Like most things on the internet, Facebook has always been free to users, supported by targeted advertising. But as concerns have grown over data collection, many users have expressed interest in a paid, ad-free version of Facebook — and Mark Zuckerberg may not be opposed to the idea.
In a testimony before the Senate Judiciary and Commerce committees today, Zuckerberg seemed to leave open the possibility of a paid version of Facebook. The line of questioning came from Sen. Orrin Hatch (R-UT), who recalled meeting Zuckerberg in 2010 as part of the Senate Republican High Tech Task Force. “You said back then that Facebook would always be free,” Hatch said to Zuckerberg. “Is that still your objective?”
“There will always be a version of Facebook that is free.”
“Senator, yes,” Zuckerberg replied. “There will always be a version of Facebook that is free. It is our mission to try to help connect everyone around the world and bring the world closer together,” Zuckerberg continued. “In order to do that, we believe we need to deliver a service that everyone can afford.”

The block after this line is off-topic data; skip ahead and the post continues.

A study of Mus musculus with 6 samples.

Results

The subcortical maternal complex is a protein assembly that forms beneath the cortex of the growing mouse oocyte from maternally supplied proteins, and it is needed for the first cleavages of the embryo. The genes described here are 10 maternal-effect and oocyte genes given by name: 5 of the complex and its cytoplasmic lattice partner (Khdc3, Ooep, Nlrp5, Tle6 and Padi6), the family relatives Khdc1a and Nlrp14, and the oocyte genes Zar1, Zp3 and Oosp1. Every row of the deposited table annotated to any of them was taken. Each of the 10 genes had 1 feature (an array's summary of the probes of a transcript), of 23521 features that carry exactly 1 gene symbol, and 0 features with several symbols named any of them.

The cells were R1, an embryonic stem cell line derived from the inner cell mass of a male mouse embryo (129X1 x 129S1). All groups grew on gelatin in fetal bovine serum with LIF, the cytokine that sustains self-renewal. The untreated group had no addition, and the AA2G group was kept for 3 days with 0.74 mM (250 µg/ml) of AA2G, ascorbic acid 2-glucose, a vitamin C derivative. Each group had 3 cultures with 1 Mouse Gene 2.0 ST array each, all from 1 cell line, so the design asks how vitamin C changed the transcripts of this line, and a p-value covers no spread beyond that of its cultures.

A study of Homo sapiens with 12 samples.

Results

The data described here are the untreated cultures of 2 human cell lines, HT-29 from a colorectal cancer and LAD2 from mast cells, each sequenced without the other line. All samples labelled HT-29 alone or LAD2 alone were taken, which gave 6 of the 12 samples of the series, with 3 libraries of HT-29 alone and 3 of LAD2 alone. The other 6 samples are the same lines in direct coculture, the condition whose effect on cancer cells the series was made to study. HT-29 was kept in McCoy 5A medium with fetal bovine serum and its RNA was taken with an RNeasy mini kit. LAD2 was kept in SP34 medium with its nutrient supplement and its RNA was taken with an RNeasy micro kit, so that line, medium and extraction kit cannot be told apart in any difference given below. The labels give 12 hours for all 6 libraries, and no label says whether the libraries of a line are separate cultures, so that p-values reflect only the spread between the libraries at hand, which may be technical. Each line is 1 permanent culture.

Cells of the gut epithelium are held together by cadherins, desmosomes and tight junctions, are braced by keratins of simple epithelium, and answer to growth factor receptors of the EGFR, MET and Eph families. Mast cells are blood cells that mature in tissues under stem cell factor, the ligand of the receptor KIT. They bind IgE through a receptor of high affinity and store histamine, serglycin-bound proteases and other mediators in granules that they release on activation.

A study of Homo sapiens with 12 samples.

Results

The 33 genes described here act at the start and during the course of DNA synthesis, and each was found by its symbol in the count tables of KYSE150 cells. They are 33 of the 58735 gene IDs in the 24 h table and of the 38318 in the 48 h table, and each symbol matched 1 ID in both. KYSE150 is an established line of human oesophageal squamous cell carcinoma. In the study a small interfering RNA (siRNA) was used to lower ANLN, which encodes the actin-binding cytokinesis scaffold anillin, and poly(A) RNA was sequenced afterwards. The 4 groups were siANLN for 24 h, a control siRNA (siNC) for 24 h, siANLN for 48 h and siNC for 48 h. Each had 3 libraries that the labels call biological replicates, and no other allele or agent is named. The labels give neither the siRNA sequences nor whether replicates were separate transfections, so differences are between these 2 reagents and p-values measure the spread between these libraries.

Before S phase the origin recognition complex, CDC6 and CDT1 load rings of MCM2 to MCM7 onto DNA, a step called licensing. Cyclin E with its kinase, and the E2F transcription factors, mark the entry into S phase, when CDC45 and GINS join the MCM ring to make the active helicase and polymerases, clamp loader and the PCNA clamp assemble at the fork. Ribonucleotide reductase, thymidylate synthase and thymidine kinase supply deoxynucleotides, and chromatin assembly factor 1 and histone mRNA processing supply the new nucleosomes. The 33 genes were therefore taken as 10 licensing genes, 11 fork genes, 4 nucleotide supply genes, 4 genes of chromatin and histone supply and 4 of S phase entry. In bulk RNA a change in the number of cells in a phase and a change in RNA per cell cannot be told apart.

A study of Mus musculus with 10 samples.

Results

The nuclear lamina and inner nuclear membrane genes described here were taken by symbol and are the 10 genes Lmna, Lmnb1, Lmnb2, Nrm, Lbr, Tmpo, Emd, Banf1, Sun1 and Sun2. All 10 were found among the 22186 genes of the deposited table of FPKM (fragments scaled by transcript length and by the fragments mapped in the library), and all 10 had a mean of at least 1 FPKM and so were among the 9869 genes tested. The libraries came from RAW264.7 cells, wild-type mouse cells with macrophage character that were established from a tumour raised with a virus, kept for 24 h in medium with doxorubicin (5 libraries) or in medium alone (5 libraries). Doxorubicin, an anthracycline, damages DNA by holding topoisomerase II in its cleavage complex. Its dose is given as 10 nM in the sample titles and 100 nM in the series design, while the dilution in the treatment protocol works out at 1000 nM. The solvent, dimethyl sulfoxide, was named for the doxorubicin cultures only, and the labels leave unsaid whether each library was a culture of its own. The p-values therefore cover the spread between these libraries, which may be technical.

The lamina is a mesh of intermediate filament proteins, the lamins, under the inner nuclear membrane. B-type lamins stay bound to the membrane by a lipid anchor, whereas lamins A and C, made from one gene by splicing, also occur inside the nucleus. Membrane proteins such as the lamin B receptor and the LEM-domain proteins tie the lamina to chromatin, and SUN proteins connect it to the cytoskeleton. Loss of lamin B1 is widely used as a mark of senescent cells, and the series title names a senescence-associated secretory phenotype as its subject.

By specifying a free version of Facebook, Zuckerberg seemed to leave room for the idea of a paid way to opt out of data collection and targeted advertising, as many have suggested. There would be serious logistical hurdles in implementing such a system, but it’s a possible response to recent privacy concerns and one Zuckerberg took care not to rule out.
When Facebook COO Sheryl Sandberg faced recent questions about an ad-free option, she offered a more ambiguous answer.
“Could you come up with a tool that said, ‘I do not want Facebook to use my personal profile data to target me for advertising,” Today’s Savannah Guthrie asked Sandberg on Saturday. “Could you have an opt-out button?”
“We have different forms of opt-out. We don’t have an opt-out at the highest level,” Sandberg said. “That would be a paid product.”